The headline practically screamed: “30 New Orleans area restaurants fail health inspection, some for bugs or dirty kitchens.” Undoubtedly, many people in the Crescent City as a result reduced their take outs from these eateries, several of them world famous, and also decreased eating out in them. If so, they did so in favor of grocery stores, which now seemed relatively more reliable, health-wise. This might be somewhat of an exaggeration, since the story allowed that “… more than 16 … don’t have food safety certificates to ensure their kitchens meet health standards.” As far as we know, they were perfectly clean, but merely lacked proper government certification thereof. Should the local citizenry be worried?

The more discerning of us have to be forgiven for asking: Who do you trust more: the restaurants themselves, or the government health inspectors? The former can lose money from dirtiness, the latter cannot, at least not, personally, for failing to make accurate assessments.

What is the solution to this conundrum? The course of action emanating from this present quarter is to substitute private certification agencies for the ones perpetrated by government. Is this the ravings of a radical free market advocate such as myself? Is this a mirage, something just plain crazy that can never be implemented?  Yes and no. As to the former, this appellation certainly fits me. I hold an endowed chair in free enterprise economics at a local university. As to the latter, it is no concoction in my fevered brain. Rather, capitalist certification agencies are to be found all throughout the modern economy. Let us count some of the ways.

But, before I do, let me explain the difference between licensing and certification. In both cases, a test must be passed. But with the former, if you do not pass the exam, you may not legally engage in the industry. For example, if you fail the bar exam, you cannot work as a lawyer. If you do not pass the medical examination, and worked in the capacity of a physician anyway, you are a criminal and can be incarcerated. In sharp contrast, if you do not score high enough in the exam for Certified Public Accountant, you can still keep financial books for your clients; it would only be illegal to pass yourself off as a CPA.

Where else besides accounting is certification, not licensing, in operation? One aspect is brand names. McDonalds, Walmart, Microsoft, Toyota, and thousands of other companies large and small, stand by their wares and offerings. They are in effect insuring their customers that what they purchase from them is of a certain quality.

Another example is testing laboratories. They are not at all well known to the general public, but are widely used in such industries as acoustics and vibration, biological, electrical, forensic services, geotechnical and mechanical testing. The most famous of these is Underwriters Laboratories. Others include Tuv Sud, Enviropass, Intertek, MetLabs, Curtis-Straus, F2Labs, Dayton T. Brown, NCEE Labs and Applied Technical Services. Industrial chemists, engineers, technicians, etc., are fully aware of these and the many more that comprise this industry.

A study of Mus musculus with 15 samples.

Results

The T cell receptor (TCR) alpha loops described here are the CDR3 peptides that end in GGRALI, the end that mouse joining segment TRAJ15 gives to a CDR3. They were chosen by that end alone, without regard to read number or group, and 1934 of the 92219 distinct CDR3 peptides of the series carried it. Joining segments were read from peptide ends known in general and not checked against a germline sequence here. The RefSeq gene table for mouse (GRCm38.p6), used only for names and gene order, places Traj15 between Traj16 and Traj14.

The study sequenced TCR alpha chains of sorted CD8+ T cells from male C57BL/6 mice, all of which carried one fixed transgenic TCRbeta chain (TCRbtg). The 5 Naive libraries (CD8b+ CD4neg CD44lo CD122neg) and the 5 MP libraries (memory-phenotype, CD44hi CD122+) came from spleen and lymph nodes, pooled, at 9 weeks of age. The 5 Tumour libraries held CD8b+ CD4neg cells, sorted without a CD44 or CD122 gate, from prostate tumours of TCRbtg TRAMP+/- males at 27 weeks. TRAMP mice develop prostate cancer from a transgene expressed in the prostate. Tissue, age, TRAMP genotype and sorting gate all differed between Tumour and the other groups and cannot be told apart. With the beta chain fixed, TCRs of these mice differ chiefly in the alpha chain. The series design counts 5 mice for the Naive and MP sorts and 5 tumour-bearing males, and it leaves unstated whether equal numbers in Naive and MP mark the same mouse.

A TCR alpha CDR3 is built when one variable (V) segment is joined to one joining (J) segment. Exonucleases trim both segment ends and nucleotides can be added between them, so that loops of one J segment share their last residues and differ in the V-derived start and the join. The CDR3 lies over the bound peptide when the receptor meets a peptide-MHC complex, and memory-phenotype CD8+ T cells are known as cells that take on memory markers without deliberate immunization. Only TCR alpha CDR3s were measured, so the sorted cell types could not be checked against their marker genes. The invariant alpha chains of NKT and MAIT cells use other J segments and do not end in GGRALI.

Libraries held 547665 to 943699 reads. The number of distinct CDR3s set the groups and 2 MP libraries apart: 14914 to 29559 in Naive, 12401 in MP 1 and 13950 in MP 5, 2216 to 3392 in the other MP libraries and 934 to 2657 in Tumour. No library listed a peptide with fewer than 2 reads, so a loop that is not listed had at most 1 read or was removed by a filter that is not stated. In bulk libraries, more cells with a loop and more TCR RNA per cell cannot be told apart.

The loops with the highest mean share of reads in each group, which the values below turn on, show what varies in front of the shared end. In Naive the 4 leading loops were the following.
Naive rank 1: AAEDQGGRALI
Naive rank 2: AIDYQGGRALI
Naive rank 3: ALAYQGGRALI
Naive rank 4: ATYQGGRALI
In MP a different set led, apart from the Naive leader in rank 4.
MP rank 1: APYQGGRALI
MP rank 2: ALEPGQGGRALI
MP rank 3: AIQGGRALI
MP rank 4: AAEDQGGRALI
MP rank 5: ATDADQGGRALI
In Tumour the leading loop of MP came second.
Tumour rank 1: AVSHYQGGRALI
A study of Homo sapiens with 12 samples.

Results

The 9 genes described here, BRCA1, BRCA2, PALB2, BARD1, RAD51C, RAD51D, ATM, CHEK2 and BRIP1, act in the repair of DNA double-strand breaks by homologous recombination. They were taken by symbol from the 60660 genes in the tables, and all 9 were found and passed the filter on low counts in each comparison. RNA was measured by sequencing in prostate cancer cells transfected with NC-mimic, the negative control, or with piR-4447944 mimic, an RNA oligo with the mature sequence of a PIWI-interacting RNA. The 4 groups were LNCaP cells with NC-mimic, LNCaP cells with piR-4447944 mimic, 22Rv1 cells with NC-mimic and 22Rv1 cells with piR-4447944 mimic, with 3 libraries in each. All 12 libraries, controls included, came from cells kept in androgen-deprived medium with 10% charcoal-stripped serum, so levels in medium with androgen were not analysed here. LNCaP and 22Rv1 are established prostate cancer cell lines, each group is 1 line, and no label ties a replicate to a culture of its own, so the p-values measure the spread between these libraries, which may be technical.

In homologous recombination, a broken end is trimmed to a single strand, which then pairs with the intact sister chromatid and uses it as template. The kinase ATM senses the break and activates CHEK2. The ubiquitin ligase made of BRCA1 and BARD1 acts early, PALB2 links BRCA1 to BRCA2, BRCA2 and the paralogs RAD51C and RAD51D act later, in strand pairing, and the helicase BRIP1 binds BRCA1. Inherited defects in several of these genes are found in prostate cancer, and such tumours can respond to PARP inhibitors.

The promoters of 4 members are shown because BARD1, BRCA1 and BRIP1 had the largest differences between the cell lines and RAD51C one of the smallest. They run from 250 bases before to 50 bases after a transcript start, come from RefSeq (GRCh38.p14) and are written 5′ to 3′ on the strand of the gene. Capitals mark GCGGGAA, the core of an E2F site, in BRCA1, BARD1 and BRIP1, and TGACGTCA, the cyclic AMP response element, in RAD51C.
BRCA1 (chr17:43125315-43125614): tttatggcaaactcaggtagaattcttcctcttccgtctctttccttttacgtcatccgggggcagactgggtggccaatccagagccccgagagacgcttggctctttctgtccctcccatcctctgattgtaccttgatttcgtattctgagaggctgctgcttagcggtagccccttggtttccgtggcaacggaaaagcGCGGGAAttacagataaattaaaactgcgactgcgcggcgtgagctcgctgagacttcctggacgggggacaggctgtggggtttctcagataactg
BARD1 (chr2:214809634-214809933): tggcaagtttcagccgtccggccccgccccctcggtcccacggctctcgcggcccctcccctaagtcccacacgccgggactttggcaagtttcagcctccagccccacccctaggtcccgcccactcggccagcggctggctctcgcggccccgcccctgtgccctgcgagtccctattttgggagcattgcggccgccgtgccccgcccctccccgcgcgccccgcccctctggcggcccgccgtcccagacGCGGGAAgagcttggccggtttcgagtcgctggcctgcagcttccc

A third subset is far more well known: Consumer Reports, the Better Business Bureau, and more recently, Yelp warn buyers of inferior products. For finance and investments the big three are Moody’s, Fitch and Standard and Poor. The U.S. News and World Report, a private entity, rates, that is, certifies, universities. (There has been of late a bit of a rebellion against this organization; evidently campus leaders do not much appreciate being assessed by a private corporation; they would rather leave the matter to organizations such as the Association to Advance Collegiate Schools of Business).

Milton Friedman, in the brilliant chapter nine of his book Capitalism and Freedom advocated that certification replace licensing all throughout the economy. Courageously, he took on even the sacred cow often bruited about in favor of this form of quality assurance, medicine. The American Medical Association insists that their licensing exams be given in English. All too many doctors who functioned ably abroad are not able to pass, even though their skills would pass muster if tested in their native languages. The AMA reckons in the absence of unconscious patients, those who speak the same foreign language as the doctor, and the possibility of translation. What they are really up to, of course, is restricting entry, reducing competition, and keeping their compensation elevated.

The next time you hear that a private restaurant has not passed the review of a government agency, do not blithely assume there is something wrong with the former. It may well be due to the failure of the latter.

Walter E. Block is Harold E. Wirth Eminent Scholar Endowed Chair and Professor of Economics at Loyola University New Orleans and is co-author of the 2015 book Water Capitalism: The Case for Privatizing Oceans, Rivers, Lakes, and Aquifers. New York City, N.Y.: Lexington Books, Rowman and Littlefield (with Peter Lothian Nelson ).